Mixed Greens Blog

Mixed Greens Blog
Living Sustainably in the Pacific Northwest


Fast Forward to Spring Green Soup

latesnow3 of 6 Will someone please hand me the remote so I can skip the whole “March comes in like a lion” thing and go directly to the part where it “goes out like a lamb?”  First thing this morning Charlie announced in his sometimes aggravatingly cheerful voice, “Looks like we’re going back to winter.” Oh no, anything but that. And by the way, does anyone else think that February is the longest month of the year instead of the shortest?

Finding myself in dire need of something fresh and green, I decided to rob the herb cradle. Armed with scissors and strong resolve to cut anything brave enough to stick its head out, I went straight for the sorrel. Unfortunately, the slugs already beat me to it. By getting down on my hands and knees and looking very closely, I was able to find chervil and chives, still recovering from my last raid.




2 cups onion, diced (this can also include shallots, leeks, garlic)

1 potato peeled and diced

2T butter

4 cups light chicken or vegetable stock

2 1/2 cups watercress (or other tender greens like sorrel)

2 T chopped chives

2 T chopped parsley

1 T chopped chervil

1/2 cup heavy cream

juice of 1/2 lemon

Melt butter in a heavy pot. Saute onions and potato for about 5 minutes until tender. Add the stock, turn up the heat and bring to a boil. Cook until the potato is soft, about 10 minutes.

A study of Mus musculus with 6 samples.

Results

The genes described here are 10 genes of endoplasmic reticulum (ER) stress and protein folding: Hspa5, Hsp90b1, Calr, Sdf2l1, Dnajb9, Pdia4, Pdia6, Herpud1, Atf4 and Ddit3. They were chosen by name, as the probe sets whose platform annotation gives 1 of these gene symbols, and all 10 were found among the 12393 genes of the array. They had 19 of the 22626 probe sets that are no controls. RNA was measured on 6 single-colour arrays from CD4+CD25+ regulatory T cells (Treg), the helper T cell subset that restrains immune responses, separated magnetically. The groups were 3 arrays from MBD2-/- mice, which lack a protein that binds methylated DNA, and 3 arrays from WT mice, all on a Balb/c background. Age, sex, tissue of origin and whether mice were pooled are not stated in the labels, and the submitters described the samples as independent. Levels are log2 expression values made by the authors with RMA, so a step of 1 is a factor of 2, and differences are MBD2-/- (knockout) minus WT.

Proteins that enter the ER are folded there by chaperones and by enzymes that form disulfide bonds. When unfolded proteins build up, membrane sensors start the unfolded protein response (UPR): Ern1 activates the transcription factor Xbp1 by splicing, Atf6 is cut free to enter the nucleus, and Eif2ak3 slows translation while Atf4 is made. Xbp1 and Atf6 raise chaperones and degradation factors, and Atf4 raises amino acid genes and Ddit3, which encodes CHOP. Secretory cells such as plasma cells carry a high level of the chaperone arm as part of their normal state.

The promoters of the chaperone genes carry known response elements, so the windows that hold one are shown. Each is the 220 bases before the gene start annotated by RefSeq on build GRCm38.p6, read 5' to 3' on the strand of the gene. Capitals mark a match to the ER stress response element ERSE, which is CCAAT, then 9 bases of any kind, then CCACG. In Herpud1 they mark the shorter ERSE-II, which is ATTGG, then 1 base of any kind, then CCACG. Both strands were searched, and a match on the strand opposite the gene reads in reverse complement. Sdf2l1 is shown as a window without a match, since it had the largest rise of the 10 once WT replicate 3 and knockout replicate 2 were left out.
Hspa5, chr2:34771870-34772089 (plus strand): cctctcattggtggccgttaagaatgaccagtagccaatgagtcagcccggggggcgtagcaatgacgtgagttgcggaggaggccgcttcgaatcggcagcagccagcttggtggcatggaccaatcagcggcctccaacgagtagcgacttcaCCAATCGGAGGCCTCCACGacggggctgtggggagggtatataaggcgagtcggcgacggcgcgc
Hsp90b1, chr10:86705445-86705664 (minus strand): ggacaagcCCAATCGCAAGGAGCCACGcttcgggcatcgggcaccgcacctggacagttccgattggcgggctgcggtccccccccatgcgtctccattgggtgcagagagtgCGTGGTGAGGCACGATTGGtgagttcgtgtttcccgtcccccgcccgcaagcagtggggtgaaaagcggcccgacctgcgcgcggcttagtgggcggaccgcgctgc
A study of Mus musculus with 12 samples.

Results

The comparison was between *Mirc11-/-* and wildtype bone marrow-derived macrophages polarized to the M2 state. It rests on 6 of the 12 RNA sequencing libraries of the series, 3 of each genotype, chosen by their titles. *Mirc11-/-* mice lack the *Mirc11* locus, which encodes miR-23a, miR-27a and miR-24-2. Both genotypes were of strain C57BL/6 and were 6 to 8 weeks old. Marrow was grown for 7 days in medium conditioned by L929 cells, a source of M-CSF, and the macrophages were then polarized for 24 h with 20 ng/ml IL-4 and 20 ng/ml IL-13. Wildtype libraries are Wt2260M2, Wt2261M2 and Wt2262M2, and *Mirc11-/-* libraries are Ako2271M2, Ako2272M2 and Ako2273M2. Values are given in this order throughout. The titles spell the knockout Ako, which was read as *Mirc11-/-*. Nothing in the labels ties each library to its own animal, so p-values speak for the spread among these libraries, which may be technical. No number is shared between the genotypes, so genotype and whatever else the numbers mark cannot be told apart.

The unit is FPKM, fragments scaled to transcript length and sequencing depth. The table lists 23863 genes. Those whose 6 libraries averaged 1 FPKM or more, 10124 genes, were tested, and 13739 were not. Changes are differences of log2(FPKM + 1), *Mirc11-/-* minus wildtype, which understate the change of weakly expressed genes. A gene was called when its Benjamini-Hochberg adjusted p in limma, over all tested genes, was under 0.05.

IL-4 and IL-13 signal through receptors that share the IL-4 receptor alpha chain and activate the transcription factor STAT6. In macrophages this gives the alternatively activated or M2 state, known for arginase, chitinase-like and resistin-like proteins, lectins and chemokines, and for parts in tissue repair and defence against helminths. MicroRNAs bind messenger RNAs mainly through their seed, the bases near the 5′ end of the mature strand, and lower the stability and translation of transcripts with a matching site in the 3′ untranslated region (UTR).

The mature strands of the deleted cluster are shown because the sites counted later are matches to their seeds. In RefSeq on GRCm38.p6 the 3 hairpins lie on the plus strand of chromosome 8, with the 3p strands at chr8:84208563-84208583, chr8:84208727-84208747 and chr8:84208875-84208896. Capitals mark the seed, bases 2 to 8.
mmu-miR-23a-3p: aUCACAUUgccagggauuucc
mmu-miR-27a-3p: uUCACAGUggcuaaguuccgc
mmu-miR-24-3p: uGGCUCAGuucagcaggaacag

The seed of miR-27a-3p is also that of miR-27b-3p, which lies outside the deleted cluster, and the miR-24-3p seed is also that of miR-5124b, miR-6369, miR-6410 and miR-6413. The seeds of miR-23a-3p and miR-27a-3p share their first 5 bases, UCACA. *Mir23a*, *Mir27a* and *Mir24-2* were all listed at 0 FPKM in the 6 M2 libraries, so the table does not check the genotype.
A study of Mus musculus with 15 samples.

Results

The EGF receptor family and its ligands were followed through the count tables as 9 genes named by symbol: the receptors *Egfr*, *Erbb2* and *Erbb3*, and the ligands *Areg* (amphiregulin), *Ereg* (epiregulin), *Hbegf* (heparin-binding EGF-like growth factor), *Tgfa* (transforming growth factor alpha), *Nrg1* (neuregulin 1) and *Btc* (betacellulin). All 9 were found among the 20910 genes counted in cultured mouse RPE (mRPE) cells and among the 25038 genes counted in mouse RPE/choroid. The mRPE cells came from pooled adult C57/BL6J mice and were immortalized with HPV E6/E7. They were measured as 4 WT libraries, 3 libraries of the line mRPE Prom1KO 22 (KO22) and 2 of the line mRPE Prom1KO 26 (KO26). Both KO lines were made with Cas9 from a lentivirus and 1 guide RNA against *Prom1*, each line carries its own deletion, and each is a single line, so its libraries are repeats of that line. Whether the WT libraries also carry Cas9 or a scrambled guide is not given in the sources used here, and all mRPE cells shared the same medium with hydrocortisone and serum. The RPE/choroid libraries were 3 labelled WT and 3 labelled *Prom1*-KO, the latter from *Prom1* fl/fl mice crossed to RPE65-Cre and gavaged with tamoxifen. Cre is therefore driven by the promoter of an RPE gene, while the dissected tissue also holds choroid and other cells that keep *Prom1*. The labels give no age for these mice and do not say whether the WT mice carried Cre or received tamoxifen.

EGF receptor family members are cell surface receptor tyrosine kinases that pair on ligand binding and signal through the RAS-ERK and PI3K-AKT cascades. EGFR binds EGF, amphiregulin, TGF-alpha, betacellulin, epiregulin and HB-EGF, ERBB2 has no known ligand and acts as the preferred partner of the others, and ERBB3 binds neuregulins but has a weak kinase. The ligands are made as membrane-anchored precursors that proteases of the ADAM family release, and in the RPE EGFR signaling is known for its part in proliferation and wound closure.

Place watercress and herbs in a blender or food processor. Ladle 11/2 cups hot broth over the greens. Cover and start blending at a low speed, if possible. Once the mixture is pureed, add more broth, a cup at a time, blending on high, until you have the desired consistency. Slowly pour in the cream while blending. Taste for seasoning. Add a squeeze of lemon, salt & pepper and some additional chopped herbs. If you are feeling decadent amidst all this healthy greenness, a dollop of creme fraiche never hurts.



  1. Absolutely beautiful and an wonderful antidote to this morning’s unexpected snow. Thanks for the inspiration.

  2. Joan, thank you for the wonderful cookbook that inspired me to make this soup.

  3. What a beautiful soup. I’ve never had luck growing chervil — I think the slugs get it before it’s really even up and going — and I wonder if you have any hints.

  4. Audrey, A friend gave me a plant last summer. I just let it go to seed and now I have several volunteers.